College is a time of transition for all students. But some Native American students say it’s a more difficult transition for them.
“I’ve always attended a tribal school my entire life. I’ve always been the majority. I’ve always been immersed and surrounded by my people,” said UW-Green Bay junior Luanne Funmaker, a Psychology and First Nation Studies Major. “So when I come here, it’s a culture shock. It was really difficult for me to adjust.”
Funmaker, who is a member of the Oneida Nation and is also Ho-Chunk, is not alone.
“For a lot of Native students, going to a university I know is a difficult transition. It depends on where they come from but it can be a culture shock, a big issue,” said Forrest Brooks, a lecturer in the First Nation Studies program and an academic adviser with UW-Green Bay’s Adult Degree Program. “Basically what that means is they come to a university and they’re not used to being one out of 30 students in the class that’s Native American and they don’t necessarily have a support group.”
But according to faculty, staff and students, that support for Native students is growing at UW-Green Bay. The American Intercultural Center is one place that offers support.
“I feel that the AIC provides a perfect place for bonding for other students, other minority students because I see all kinds of people in here: Asians, blacks, Natives, Middle Eastern people. I see them in here,” Funmaker said.
The Intertribal Student Council is taking on an increased role on campus. The group sponsored an Oneida Social in December, which featured traditional singing and dancing.
The student group also hosted a traveling exhibit in November called “Bittersweet Winds,” a display on Native American imagery. A panel discussion examined the creation of National Native Heritage Day.
The University is also home to an academic major in First Nation Studies.
Nearly half of all UW-Green Bay graduates take a First Nation Studies course while in college.
“Our program exists to connect the campus and learning with tribal world knowledge so that our students are educated citizens,” said Prof. Lisa Poupart, chair of the First Nation Studies program.
Besides the major itself, Poupart says the Education Center for First Nation Studies works with current and future teachers to help them teach K-12 students about Native American culture and history.
There are also three tribal elders in residence on campus to meet with students. They are there to provide a more informal education.
“I can honestly tell you I don’t think there’s any other place in the U.S. that has oral traditional elders in residence, oral scholars who get a stipend to be on campus to work with students in that way,” Poupart said. “It’s a really wonderful and unique thing, especially at a time when university resources are scarce, that our institution stood up and said ‘Yeah, let’s put a little bit of money into this and see if it can grow from there.’”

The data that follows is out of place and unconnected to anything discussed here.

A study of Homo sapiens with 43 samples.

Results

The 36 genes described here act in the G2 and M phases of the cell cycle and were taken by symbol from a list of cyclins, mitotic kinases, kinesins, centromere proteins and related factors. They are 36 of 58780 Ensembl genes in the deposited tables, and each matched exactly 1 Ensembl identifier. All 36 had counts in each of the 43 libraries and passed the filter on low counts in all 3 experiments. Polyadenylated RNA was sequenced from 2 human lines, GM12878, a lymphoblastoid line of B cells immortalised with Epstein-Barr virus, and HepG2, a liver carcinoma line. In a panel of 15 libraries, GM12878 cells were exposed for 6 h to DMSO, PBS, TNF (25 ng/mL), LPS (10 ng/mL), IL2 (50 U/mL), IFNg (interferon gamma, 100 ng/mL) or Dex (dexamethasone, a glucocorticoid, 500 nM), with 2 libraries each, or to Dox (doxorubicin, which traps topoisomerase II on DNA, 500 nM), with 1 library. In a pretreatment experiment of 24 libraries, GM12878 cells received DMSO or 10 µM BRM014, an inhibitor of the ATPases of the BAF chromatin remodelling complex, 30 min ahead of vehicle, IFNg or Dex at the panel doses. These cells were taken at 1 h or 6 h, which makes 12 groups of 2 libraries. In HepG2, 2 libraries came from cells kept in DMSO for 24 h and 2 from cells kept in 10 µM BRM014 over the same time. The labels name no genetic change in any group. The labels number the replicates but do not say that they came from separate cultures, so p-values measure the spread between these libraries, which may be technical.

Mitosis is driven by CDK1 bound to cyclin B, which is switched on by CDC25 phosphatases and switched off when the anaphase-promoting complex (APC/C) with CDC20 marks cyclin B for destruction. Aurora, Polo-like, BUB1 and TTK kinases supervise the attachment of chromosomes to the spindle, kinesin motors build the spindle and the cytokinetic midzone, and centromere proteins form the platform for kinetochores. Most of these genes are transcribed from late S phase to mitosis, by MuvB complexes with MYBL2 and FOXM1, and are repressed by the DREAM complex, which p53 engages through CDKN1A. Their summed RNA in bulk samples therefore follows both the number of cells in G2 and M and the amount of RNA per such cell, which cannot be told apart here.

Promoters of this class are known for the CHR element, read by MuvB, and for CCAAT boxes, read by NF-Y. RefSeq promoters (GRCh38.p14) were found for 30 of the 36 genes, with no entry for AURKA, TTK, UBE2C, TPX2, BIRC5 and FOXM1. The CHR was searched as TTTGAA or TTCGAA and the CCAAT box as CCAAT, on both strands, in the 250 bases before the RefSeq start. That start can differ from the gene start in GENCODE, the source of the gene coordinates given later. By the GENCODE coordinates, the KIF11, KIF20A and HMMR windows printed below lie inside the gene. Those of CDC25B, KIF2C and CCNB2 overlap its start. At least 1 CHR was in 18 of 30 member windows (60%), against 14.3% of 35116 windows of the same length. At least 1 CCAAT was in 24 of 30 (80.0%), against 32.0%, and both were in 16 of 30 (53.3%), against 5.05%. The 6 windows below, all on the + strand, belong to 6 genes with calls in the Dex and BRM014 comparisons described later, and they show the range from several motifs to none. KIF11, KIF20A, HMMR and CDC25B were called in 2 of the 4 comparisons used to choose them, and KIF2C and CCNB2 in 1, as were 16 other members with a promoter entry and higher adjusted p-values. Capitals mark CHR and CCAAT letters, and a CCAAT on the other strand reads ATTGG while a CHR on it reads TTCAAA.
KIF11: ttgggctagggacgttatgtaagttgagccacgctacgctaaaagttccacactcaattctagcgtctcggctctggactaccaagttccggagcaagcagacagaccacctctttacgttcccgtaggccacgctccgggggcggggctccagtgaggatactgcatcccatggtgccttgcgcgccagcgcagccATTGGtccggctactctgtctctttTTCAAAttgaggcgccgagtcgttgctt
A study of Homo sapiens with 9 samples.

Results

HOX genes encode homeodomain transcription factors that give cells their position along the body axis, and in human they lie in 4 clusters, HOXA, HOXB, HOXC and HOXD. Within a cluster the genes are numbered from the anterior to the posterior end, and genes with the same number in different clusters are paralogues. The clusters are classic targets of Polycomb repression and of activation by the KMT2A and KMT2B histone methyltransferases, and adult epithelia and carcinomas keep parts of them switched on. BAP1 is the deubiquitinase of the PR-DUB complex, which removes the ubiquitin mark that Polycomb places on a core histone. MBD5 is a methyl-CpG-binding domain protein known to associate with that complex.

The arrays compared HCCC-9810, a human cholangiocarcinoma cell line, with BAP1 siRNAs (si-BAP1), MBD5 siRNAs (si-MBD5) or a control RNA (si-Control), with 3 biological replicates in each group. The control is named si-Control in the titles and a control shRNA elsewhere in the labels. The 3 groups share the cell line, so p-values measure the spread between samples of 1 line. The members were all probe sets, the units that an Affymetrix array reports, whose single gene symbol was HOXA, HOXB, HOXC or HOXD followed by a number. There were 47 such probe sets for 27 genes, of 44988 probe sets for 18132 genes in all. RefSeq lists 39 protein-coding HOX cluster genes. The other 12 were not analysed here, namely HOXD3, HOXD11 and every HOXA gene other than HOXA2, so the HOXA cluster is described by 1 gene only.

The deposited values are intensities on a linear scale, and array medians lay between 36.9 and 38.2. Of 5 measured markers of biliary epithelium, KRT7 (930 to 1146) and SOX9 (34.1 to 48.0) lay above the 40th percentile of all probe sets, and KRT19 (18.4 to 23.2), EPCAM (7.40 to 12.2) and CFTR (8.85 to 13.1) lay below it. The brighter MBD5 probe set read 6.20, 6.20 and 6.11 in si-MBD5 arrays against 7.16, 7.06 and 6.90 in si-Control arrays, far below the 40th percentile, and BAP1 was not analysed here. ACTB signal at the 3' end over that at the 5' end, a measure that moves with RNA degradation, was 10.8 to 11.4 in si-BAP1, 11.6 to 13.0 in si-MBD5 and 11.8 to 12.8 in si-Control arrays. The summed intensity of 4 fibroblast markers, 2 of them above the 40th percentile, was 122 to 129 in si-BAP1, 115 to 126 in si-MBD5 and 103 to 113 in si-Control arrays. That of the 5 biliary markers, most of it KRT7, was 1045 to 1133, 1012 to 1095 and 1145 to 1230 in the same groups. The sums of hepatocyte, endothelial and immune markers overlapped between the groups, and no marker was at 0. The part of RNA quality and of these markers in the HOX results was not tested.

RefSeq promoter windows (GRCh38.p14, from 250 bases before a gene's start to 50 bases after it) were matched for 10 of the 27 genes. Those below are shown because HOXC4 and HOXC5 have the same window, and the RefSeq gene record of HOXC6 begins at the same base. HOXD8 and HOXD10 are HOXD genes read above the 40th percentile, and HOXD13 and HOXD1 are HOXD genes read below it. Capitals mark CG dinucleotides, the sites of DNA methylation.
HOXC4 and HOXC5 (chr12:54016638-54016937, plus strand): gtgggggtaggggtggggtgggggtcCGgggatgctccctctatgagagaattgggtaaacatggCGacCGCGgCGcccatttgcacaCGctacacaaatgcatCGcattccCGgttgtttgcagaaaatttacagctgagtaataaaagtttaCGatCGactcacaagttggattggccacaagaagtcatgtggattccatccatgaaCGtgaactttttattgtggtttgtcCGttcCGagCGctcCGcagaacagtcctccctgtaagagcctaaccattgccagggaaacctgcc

In the fall of 2010, the number of Native students on campus grew to a record 176. While most students identify themselves as Oneida or Menominee, 21 tribes or bands are represented on campus including: Aleut, Bad River Chippewa, Blackfoot, Brothertown, Catawba, Cherokee, Chippewa, Choctaw, Forest County Potawatomi, Ho-Chunk, Lac Courte Oreilles Ojibwa, Lac du Flambeau Chippewa, Menominee, Mole Lake (Sokaogon) Chippewa, Muscogee (Creek), Oneida, Red Cliff Chippewa, Sioux, St. Croix Chippewa, Stockbridge Munsee Mohican and Yaqui.
In the 2009-10 academic year, 17 Native American students graduated.
The numbers are one reason UW-Green Bay was named one of the top 200 colleges for Native Americans by Winds of Change magazine. The magazine included UW-Green Bay in its 17th annual college guide issue, which featured a list of schools that are notably supportive of their Native students. The magazine recognized schools that graduate a good percentage of their Native American undergrads and that have a good American Indian community for support. UW-Green Bay was listed alphabetically along with UW-Madison, Milwaukee and Superior as Wisconsin public universities that made the Top 200.
Brooks says the surrounding community makes the transition to college a little easier for Native students at UW-Green Bay.
“I think one of the advantages of being at Green Bay is that there’s a large native presence within the community as well so Native students who come here know there’s other places for them to go besides just the campus,” Brooks said.
“It’s only 20 minutes away from the Oneida reservation. It’s only a half an hour away from the Menominee reservation,” she said. “So to be top 200, I think it’s really good because it can provides natives with just more of a feeling of home.”
She also says it’s important for students, both native and non-native, to help break down stereotypes.
“People need to realize that there are natives here because not a lot of people do. A lot of people do just go along with the stereotypes or just go off of what they see in movies or believe that they all live in teepees or some people even think they’re extinct,” Funmaker said. “Some people don’t even realize that natives are still around, that we are still here and are alive and are practicing our culture and our traditions and our religion.”
Junior Donald Keeble, who transferred to UW-Green Bay from Florida, says while the experiences may be different, Native students are just that: students.
“When I lived down in Florida, a lot of people assumed by movies and ironically mascots, that’s how I was. I’m just like any other student but maybe with different experiences,” said Keeble, a member of the Forest County Potawatomi majoring in Social Work.